The Judge in Tupelo that put the lawyer in jail for not saying the Pledge of Allegiance was wrong, but why?

This past Wednesday, October 6, 2010, a judge in Tupelo apparently ordered everyone in his courtroom to stand and recite the Pledge of Allegiance.  One lawyer stood, but did not actually say it.  The judge held the lawyer in criminal contempt, and sent him to jail for a few hours before releasing him.  The internet has predictably been abuzz about it, and opinions are strong.  A few blogs are calling for the judge to be removed, he’s an embarrassment, the lawyer is a hero for standing up for our rights, etc.


What is the law on it?

No way I can briefly lay out the principles of constitutional law in a blog post, so I’m just going to tell you about the U.S. Supreme Court case that is “on point” on this issue.  In 1943, the Court decided West Virginia State Board of Education v. Barnette, 319 U.S. 624 (1943), and held that the Free Speech Clause of the First Amendment to the U.S. Constitution protected students from being forced to salute the flag and say the Pledge of Allegiance in school.  The students that actually brought the lawsuit were Jehovah’s Witnesses, whose religion apparently forbids taking oaths or pledging to symbols, but the Court did not decide the case on religious grounds (the Free Exercise Clause), but instead said that government does not have the power to compel speech of that type for anyone.

Justice Robert Jackson wrote the Court’s opinion, and stated:  

“If there is any fixed star in our constitutional constellation, it is that no official, high or petty, can prescribe what shall be orthodox in politics, nationalism, religion, or other matters of opinion or force citizens to confess by word or act their faith therein.”

Two other justices wrote in a concurring opinion:

“Words uttered under coercion are proof of loyalty to nothing but self-interest . . . Love of country must spring from willing hearts and free minds, inspired by a fair administration of wise laws enacted by the people’s elected representatives within the bounds of express constitutional prohibitions.”

The Barnette case is seventy years old, and it is still good, binding law.  If you “Shepardize” it (you look up all the cases since then that have cited it as precedent), you will see that it has been cited as authority literally hundreds of times for the principle that government cannot compel speech of this type.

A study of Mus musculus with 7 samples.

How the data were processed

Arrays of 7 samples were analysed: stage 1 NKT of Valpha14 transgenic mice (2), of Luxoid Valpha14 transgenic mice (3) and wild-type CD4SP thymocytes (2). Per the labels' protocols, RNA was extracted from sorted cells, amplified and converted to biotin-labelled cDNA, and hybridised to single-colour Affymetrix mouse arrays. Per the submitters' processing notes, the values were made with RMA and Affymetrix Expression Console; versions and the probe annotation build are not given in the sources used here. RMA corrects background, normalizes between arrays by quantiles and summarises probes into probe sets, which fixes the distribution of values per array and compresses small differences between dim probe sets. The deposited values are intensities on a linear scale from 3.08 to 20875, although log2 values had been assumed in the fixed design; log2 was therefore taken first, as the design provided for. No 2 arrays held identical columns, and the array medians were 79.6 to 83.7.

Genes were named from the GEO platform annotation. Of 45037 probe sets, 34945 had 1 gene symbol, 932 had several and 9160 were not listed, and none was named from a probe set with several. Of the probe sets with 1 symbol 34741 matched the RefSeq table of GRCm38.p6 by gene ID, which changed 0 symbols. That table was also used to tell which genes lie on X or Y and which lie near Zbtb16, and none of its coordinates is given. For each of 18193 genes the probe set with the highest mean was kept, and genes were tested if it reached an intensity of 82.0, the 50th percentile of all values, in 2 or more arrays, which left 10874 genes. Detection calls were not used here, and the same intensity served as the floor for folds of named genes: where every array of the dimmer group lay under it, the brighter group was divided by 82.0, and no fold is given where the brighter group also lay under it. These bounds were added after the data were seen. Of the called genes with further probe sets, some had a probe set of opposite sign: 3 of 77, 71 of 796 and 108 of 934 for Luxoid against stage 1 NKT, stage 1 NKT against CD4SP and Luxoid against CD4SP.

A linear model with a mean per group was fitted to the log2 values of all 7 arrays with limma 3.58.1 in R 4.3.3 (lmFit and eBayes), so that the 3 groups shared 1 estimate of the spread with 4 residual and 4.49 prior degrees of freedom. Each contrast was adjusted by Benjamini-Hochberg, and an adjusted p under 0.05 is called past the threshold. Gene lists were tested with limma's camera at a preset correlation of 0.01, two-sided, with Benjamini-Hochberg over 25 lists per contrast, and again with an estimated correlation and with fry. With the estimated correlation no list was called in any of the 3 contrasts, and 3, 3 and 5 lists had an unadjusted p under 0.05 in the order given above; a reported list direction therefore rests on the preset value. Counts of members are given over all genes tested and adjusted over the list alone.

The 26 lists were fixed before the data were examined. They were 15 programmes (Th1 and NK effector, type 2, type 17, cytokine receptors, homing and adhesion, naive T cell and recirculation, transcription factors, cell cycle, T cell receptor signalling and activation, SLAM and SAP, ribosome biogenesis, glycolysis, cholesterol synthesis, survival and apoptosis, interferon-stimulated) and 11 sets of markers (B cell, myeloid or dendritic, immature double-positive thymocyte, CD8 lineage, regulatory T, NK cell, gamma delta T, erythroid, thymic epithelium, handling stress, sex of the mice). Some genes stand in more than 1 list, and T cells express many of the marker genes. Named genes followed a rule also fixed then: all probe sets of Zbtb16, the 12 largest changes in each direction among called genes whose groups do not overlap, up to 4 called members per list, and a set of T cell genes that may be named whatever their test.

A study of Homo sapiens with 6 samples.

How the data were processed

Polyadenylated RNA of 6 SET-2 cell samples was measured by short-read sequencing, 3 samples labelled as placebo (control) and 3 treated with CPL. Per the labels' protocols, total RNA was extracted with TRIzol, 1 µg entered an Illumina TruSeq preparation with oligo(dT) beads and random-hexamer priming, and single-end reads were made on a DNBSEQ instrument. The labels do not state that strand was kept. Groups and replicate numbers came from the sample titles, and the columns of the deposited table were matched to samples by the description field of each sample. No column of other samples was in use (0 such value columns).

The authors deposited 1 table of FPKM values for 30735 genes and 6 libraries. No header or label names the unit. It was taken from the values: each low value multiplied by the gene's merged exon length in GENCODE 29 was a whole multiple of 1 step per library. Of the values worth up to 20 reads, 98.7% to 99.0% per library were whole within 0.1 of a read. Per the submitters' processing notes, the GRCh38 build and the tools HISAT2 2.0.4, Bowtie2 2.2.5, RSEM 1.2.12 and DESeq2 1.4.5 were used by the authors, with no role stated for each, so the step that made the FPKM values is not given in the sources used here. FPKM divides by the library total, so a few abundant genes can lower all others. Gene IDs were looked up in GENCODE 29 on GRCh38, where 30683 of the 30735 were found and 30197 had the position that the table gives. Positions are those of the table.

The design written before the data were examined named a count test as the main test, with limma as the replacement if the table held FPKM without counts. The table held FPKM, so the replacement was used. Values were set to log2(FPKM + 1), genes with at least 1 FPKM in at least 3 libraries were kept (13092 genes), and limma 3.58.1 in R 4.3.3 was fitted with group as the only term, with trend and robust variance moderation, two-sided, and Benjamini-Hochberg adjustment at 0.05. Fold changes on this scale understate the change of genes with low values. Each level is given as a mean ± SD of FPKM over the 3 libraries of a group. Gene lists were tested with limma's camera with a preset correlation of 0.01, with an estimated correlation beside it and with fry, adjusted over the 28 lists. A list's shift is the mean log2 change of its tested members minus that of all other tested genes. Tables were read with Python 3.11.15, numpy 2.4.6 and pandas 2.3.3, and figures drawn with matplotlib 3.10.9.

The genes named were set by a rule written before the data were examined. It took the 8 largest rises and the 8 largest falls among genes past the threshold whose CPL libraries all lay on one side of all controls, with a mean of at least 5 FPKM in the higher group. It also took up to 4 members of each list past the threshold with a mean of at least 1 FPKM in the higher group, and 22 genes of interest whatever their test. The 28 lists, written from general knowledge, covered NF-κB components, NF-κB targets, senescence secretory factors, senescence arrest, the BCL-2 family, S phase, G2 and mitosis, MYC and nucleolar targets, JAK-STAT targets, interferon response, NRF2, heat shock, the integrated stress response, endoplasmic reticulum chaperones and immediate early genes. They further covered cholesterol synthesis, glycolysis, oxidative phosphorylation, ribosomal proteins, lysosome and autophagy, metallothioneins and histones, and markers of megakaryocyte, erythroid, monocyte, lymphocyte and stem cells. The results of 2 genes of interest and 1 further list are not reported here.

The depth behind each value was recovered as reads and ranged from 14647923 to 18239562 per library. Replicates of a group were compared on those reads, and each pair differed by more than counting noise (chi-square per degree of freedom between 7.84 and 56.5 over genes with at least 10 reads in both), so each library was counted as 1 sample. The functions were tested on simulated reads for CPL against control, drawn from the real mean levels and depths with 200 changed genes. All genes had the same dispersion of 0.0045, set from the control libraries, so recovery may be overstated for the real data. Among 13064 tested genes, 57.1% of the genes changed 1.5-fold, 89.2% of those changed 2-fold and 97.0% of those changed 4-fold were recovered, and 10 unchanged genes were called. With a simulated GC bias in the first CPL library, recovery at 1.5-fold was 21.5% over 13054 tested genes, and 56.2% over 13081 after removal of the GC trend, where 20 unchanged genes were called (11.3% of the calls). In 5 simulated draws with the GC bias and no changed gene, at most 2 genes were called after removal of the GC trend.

So how do I sleep at night knowing that dang LAWYER in Tupelo can get away with not saying the Pledge of Allegiance?


I know what the law is, and I know that lawyer in Tupelo has every right to refuse to say the Pledge of Allegiance if he doesn’t want to.  And I know that the judge was wrong for putting him in jail for not saying it.  I served 23 years in the United States Marine Corps, many of them carrying a rifle, in the freezing rain, uphill, both ways, miles and miles, loving every second, defending that lawyer’s right to make his little protest in court.  But that does not mean I have to like it.  In fact, I will even admit a very small desire, which I will suppress, to bust his head.  In a perfect world everyone would think just like me.  But our country is great because not everyone thinks like me, and the law is the law, and it applies to everyone equally.

Let’s respect that lawyer’s right not to say the Pledge of Allegiance, and his right to bring untoward attention to himself and to the legal profession.  Fifty years from now, maybe a hundred, your great grandchildren may be in a courtroom, and some judge may demand that they declare allegiance to some other disagreeable entity, religion, or system of thought.  If they refuse, they will be protected by the very same laws that are getting our attention this week.  If that doesn’t make this country the greatest in the world, I don’t know what does.